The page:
Did you Know?

Did you Know?

  1. You can deworm your horse naturally by feeding small amounts of Poly Copper, Kelp and Diatomaceous Earth daily.  The copper and kelp work together to paralyze the mouth parts of the worms so they can’t feed, while the diatomaceous earth cuts into them.  You should always perform at least once-yearly fecal egg counts to ensure your deworming protocol is working, no matter what treatment options you prefer/use.
  2. Horses with chestnut or true black coat colors require twice as much copper as other coat colors. If you are feeding a commercial vitamin/mineral mix, your horse is probably not getting adequate amounts of copper, especially if he is chestnut or true black.
  3. If your horse has skin issues—scratches, rain rot, fungus issues anywhere else on the body—there is a good possibility that he/she is deficient in copper, selenium and/or zinc.
  4. The signs of selenium deficiency are the same as the signs of selenium toxicity: skin fungus issues, decreased immune function, sore/stiff muscles, brittle mane and tail hair, fertility issues.
  5. Diatomaceous earth fed daily during the spring and summer months will decrease fly populations around your farm. Add some apple cider vinegar and garlic granules to the mix and your horse will produce his own natural fly-repellant.
  6. If your horse has been diagnosed with Cushing’s, Equine Metabolic Syndrome, or Insulin Resistance, there are three supplements that should be added to his feed daily: Cinnamon, Chromium, and Magnesium.  The cinnamon inhibits the release of the hormone ACTH from the pituitary gland and it supports healthy blood sugar levels; the chromium is important for blood sugar support and encouraging the body to use fat stores for fuel, rather than storing it in patches throughout the body; and magnesium is important for fat reduction, proper muscle and nerve function.
  7. Never feed Magnesium Oxide if your horse is also being fed alfalfa in any form as the combination of the two can lead to enterolith formation in your horse’s digestive tract. If your horse is being fed any alfalfa, use Bioplex Magnesium or Magnesium Citrate as opposed to Magnesium Oxide.
  8. At the first signs of a hoof abscess (sudden, unexplained lameness), if you feed Devil’s Claw Plus ( Uckele Nutrition) the abscess will resolve on its own without further treatment. When a hoof abscess begins to form, the veins in the feet and legs shunt closed to keep the toxins in the hoof from spreading throughout the body.  That process is how an abscess forms, grows and finally ruptures.  The entire process causes intense pain for the horse. Devil’s Claw Plus treats pain and inflammation, but it also encourages the veins in the feet and legs to open, thereby facilitating healthy blood flow into and out of the hoof (toxins out, fresh blood supply in).  If caught early enough, we have found that this works every time.  Within one or two hoof trimming appointments, you will find a clean, dry hole where the abscess was trying to form but did not.  If you aren’t able to catch the problem early, you will have to go through the standard procedure for treating a hoof abscess:  soaking the foot in Epsom salts and warm water daily, packing the hoof in icthammol or Reducine and wrapping in Vetrap until the abscess ruptures either through the coronet band or sole of the hoof.  In this case, the Devil’s Claw Plus is still recommended and may speed up the entire process, returning your horse to soundness sooner and easing his pain in the meantime.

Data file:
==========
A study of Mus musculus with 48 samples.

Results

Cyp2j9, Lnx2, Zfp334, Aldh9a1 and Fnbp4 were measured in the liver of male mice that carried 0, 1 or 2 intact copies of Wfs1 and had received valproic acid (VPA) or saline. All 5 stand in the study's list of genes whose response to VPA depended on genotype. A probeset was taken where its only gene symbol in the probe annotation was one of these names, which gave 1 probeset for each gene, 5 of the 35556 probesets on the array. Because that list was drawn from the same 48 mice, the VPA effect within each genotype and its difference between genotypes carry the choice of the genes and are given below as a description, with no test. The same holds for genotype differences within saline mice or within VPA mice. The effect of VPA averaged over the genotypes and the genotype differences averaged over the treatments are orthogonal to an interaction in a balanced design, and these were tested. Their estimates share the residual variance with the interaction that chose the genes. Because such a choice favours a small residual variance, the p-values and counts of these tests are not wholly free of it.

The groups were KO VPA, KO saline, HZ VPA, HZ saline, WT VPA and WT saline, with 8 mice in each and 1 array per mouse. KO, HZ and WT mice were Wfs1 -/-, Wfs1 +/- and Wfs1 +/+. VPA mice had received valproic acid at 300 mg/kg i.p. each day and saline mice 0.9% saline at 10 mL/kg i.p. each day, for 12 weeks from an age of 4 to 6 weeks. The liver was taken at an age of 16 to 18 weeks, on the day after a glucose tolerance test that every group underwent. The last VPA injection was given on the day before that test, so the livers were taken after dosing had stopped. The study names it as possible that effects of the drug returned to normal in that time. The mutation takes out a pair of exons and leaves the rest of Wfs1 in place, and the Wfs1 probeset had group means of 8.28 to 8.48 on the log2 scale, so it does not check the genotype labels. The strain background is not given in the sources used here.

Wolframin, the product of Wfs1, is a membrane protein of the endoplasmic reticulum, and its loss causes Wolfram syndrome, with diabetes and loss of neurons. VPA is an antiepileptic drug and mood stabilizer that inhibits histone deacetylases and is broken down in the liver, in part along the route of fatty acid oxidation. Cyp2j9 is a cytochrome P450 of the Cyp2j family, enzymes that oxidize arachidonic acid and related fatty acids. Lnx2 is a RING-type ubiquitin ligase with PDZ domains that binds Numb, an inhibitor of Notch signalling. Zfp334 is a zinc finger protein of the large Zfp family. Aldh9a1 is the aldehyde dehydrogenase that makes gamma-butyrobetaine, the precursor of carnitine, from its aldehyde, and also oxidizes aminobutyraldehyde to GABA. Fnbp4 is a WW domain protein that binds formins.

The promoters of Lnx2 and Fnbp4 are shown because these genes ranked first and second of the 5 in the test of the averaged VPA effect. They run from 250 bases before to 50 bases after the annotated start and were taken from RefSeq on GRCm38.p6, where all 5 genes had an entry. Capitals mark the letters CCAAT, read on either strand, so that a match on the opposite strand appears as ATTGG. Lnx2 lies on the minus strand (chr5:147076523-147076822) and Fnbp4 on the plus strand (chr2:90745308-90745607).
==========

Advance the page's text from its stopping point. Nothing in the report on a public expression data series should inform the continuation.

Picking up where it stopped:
9. Cabbage is a fabulous ulcer treatment. Omeprazole, the active ingredient in OTC and prescription ulcer preparations, is derived from cabbage.  Feed about ¼ head shredded or chopped, per day mixed into the feed ration. Horses love it and will even pick it out to eat first.  Feed for 30 days.   Because cabbage and Omeprazole deplete calcium stores, it is recommended you also feed some alfalfa or stabilized rice bran along with the cabbage.  You can repeat this process if your horse starts exhibiting signs of ulcer pain again, as long as you don’t feed it for more than 30 days per treatment period.
  10. The hay we feed our horses today is not the same hay we fed our horses decades ago. This is why we now have to feed good vitamin/mineral supplements.  All crops, not just hay, used to be very nutritious giving us and our horses all the vitamins and minerals we needed to thrive.  Unfortunately, modern farming practices, coupled with phosphatic fertilizers and chemicals used for pest control (think Round-Up), have created a condition where all of the valuable minerals are driven deep underground while heavy metals and toxins are drawn up into the plants.  This has caused a chronic situation where the mainstay of our horses’ diet is now deficient in the vitamins and minerals he needs to survive, while being heavy in toxins and contaminants that will cause him harm.  This is why we need to feed our horses adequate vitamins and minerals for the area of the country we are living in.
  11. Those square, mineralized salt blocks you give your horse are actually formulated for cattle. Himalayan salt licks, on the other hand, mimic a horses’ electrolyte profile perfectly.